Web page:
Block on Trump's Asylum Ban Upheld by Supreme Court
Last week, it was reported that the lawsuit filed by Tomi Lahren against TheBlaze and Glen Beck has settled. While there is no disclosure as to any dollar figures, or whether there was even a payout at all, Lahren did walk away with something rather significant: her Facebook profile page which was allegedly being held hostage by TheBlaze.
Lahren had filed suit as a result of being removed from Beck's program. Although she was still being paid under her contract, the lawsuit claimed that she had been wrongfully terminated for expressing views contrary to Beck and TheBlaze's opinion. Specifically, Lahren expressed a pro-choice stance on abortion which was premised upon not being a hypocrite when it came to favoring less government regulation.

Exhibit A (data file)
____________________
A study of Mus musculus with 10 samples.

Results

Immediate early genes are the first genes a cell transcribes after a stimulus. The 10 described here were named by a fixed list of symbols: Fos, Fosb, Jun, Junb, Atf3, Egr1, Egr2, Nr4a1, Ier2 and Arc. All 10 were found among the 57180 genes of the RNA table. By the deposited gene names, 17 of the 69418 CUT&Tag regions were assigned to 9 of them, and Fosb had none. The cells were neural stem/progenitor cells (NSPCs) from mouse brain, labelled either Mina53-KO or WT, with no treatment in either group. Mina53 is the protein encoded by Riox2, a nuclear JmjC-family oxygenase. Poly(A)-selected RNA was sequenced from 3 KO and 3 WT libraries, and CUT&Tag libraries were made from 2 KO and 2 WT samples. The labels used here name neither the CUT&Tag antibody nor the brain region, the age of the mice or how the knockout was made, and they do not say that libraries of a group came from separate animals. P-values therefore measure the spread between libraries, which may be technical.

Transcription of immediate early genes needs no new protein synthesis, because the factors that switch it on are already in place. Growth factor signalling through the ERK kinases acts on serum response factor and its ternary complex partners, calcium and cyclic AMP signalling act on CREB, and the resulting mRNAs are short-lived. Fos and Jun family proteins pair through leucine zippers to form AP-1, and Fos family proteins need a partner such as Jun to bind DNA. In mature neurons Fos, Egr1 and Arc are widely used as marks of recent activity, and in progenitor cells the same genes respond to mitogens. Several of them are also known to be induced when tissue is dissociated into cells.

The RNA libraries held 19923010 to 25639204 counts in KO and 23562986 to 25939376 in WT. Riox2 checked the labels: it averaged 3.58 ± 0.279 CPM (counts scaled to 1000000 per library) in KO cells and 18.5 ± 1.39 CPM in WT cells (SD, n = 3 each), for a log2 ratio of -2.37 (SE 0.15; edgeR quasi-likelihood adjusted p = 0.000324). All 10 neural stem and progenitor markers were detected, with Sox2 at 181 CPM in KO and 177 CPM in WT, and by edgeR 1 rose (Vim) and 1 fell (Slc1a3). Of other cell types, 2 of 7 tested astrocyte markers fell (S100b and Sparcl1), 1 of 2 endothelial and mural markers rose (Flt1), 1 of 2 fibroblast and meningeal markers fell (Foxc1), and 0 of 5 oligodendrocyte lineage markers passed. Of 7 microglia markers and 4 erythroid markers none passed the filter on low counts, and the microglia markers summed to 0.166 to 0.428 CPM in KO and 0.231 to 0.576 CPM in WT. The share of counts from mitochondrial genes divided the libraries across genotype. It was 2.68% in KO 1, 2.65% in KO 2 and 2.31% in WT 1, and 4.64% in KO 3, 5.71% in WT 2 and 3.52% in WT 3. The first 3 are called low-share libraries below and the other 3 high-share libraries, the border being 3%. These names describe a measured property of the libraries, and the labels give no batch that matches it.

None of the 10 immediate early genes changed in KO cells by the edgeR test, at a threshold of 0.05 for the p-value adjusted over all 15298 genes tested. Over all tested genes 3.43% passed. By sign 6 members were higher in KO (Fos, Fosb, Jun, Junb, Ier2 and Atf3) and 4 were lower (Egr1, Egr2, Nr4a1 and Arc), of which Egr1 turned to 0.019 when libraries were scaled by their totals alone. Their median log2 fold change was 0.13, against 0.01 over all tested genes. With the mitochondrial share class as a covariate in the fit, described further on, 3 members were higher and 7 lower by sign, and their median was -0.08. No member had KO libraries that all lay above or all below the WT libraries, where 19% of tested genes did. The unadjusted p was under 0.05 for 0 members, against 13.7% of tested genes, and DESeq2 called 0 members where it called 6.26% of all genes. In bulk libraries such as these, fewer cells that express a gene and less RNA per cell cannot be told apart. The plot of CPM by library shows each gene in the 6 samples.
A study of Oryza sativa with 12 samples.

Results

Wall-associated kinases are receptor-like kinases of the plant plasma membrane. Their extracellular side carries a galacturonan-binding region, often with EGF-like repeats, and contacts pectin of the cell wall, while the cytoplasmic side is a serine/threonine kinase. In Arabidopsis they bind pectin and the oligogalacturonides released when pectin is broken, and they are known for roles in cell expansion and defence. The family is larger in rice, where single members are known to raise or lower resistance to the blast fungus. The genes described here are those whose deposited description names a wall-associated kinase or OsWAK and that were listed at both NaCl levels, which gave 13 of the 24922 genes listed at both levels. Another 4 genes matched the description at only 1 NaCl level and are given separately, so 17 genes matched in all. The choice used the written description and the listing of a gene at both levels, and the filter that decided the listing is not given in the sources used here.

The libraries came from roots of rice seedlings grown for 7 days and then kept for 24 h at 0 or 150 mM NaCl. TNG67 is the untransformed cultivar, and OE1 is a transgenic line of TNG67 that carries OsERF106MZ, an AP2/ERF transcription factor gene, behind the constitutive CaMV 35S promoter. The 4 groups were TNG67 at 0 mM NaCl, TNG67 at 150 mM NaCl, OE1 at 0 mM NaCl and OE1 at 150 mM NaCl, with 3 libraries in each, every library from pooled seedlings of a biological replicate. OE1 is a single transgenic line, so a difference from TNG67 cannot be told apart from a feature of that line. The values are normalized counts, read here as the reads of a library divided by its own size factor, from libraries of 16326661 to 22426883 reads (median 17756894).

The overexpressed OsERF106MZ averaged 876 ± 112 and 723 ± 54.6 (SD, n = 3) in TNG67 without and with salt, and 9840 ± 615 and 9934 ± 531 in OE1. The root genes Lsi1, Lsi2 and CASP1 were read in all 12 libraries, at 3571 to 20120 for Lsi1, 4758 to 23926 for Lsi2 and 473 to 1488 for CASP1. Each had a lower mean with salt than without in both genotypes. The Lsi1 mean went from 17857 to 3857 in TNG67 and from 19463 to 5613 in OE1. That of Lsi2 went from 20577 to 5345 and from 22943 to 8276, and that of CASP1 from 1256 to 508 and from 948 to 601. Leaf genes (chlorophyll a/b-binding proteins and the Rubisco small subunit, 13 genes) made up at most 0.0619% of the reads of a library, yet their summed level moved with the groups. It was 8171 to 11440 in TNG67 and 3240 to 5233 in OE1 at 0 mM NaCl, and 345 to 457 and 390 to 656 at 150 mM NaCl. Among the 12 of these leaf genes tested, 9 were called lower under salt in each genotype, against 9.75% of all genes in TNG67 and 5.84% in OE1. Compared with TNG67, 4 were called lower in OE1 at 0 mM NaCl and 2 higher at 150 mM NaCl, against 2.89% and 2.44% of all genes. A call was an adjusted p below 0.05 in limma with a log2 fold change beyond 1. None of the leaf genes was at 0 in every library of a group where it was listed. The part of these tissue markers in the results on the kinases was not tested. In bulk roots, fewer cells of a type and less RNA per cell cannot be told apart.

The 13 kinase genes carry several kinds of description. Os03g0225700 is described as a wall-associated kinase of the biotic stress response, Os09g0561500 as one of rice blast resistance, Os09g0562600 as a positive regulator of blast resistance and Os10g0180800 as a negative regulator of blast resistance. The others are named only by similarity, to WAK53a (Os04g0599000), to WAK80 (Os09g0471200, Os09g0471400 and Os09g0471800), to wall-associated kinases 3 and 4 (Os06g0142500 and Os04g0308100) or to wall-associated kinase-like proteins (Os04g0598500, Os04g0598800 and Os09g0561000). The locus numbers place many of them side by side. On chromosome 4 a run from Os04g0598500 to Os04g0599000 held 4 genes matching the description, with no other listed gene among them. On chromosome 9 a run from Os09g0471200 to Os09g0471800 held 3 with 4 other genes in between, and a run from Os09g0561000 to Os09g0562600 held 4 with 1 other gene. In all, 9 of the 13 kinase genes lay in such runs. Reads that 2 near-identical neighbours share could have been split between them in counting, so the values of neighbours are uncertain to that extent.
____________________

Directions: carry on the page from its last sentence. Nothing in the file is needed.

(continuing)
When TheBlaze Settles
While TheBlaze denied that the removal of Lahren from the air were due to her comments on abortion, the timing was rather suspect. However, now that the case is over, and the dust has settled, it seems that both parties are pleased with the settlement. Lahren stated to Fox News that she was "thrilled to walk away from this with [her] freedom and Facebook page." Meanwhile, TheBlaze stated that they were "pleased to announce" their relationship with Lahren had "concluded."
Lahren Now Free to Compete
In addition to getting her Facebook page back, which boasts over 4 million followers, Lahren has been freed from her contract with TheBlaze. This means that Lahren is able to accept employment on other programs or branch out on her own. After she was removed from the program, she was unable to accept new employment due to a non-compete clause in her contract.
Generally, media personality contracts will include non-compete clauses which prohibit those individuals from working for competing programs for a period of time after the end of the contract. Typically, if a non-compete clause is reasonable, it can be enforced, but courts tend to heavily scrutinize these as these are seen as an impediment on business.